Bulgarian government postpones decision on air and land military modernisation projects

Written by on May 9, 2018 in Bulgaria - Comments Off on Bulgarian government postpones decision on air and land military modernisation projects

Although Bulgaria’s Defence Minister Krassimir Karakachanov had said that the Cabinet would discuss projects to acquire fighter jets and armoured infantry vehicles at its May 9 meeting, the discussion did not go ahead, apparently because of the absence of Finance Minister Vladislav Goranov.

Speaking after the meeting, Karakachanov said that Goranov was out of the country and would return on May 11.

Goranov would “finish his work on Saturday and Sunday for the next week, I have his assurance that the treasury will be ready on Monday – Tuesday with its opinion,” Karakachanov said.

This would imply that the Cabinet will discuss the projects at its regular weekly meeting on May 16.

The projects involve the acquisition of 16 fighter jets and 150 combat vehicles for the land forces.

The decision to put the projects to the Cabinet was taken at a meeting of the Defence Council on April 5.

The proposal is to allocate 1.5 billion leva, excluding value-added tax, for the acquisition of 16 fighter aircraft in two stages of eight each. The proposed financial allocation is also to cover groundhandling equipment, training of personnel, initial integrated logistics support for a period of three years, and armaments, a Bulgarian government statement said at the time.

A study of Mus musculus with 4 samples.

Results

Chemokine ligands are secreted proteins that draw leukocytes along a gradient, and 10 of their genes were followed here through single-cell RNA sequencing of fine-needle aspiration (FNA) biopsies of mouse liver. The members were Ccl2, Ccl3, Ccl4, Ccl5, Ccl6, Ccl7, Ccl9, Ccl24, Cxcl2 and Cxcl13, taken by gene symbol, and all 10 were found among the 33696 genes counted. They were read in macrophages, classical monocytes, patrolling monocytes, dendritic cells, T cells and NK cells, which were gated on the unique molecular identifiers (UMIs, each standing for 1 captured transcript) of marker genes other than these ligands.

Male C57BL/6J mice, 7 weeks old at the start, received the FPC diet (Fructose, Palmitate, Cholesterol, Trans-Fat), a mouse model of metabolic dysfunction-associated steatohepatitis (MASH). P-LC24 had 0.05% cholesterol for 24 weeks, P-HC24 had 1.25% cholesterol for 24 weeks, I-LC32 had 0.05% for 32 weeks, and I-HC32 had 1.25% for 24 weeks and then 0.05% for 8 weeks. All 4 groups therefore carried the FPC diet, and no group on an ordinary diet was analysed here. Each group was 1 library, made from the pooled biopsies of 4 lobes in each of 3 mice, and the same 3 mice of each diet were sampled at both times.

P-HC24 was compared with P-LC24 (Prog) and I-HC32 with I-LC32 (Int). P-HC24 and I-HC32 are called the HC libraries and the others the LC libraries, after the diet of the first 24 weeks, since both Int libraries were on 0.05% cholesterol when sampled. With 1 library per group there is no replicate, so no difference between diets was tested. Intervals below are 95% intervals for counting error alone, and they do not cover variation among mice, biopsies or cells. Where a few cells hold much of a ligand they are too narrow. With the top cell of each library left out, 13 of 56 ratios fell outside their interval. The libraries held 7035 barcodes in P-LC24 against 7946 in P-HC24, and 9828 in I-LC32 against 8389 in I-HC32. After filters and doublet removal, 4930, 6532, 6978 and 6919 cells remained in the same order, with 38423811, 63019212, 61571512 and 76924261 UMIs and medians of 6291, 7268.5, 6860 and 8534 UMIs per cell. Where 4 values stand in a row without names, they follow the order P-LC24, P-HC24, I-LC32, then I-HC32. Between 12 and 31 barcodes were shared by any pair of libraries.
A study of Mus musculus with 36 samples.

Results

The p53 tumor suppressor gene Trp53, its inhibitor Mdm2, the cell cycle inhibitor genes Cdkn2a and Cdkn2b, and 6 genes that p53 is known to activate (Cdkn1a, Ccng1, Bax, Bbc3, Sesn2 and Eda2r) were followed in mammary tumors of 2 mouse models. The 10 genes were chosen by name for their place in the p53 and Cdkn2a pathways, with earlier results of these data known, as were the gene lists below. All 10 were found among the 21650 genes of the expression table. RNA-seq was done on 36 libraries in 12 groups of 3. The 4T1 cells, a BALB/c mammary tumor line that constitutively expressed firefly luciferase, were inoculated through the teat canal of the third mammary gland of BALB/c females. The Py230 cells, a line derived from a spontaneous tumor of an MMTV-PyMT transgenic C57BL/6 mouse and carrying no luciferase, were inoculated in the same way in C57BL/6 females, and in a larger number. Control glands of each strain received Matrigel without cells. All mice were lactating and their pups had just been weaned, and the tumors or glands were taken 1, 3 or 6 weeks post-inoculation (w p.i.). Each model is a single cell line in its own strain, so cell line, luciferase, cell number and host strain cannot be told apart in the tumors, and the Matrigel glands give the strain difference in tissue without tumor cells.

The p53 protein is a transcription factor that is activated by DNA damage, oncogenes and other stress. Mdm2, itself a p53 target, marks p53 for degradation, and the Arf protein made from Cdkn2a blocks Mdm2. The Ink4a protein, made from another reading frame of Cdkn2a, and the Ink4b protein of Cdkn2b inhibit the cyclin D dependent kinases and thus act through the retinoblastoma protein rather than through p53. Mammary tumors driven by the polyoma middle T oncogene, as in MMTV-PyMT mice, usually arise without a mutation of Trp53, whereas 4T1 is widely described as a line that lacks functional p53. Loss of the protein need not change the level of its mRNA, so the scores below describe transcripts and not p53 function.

The military vehicles projects envisages the spending of 1.22 bilion leva, without VAT, for vehicles, systems, additional equipment and training for three battalion groups.

A Nato member since 2004, Bulgaria is meant to upgrade its Air Force through the acquisition of fighter aircraft that meet the standards of the alliance. Through a succession of governments, this has not been achieved.

In early 2017, the caretaker cabinet of the time made a step towards progress in the fighter jet acquisition process, when it was presented with a report that rated the bid by Sweden’s Saab for Gripen fighters as the best. However, amid political manoeuvring, matters went back to square one and the process is being re-started again.

At the previous stage, bids to supply the aircraft were received from Saab, and from Italy, to supply second-hand Eurofighters, and from Portugal, to supply second-hand F-16s. More recently, Karakachanov has hinted at the possibility of getting second-hand F-16s from Israel.

Given the scale of the spending, the decision cannot, by law, be taken by the Cabinet alone but must receive endorsement from Bulgaria’s unicameral Parliament, the National Assembly.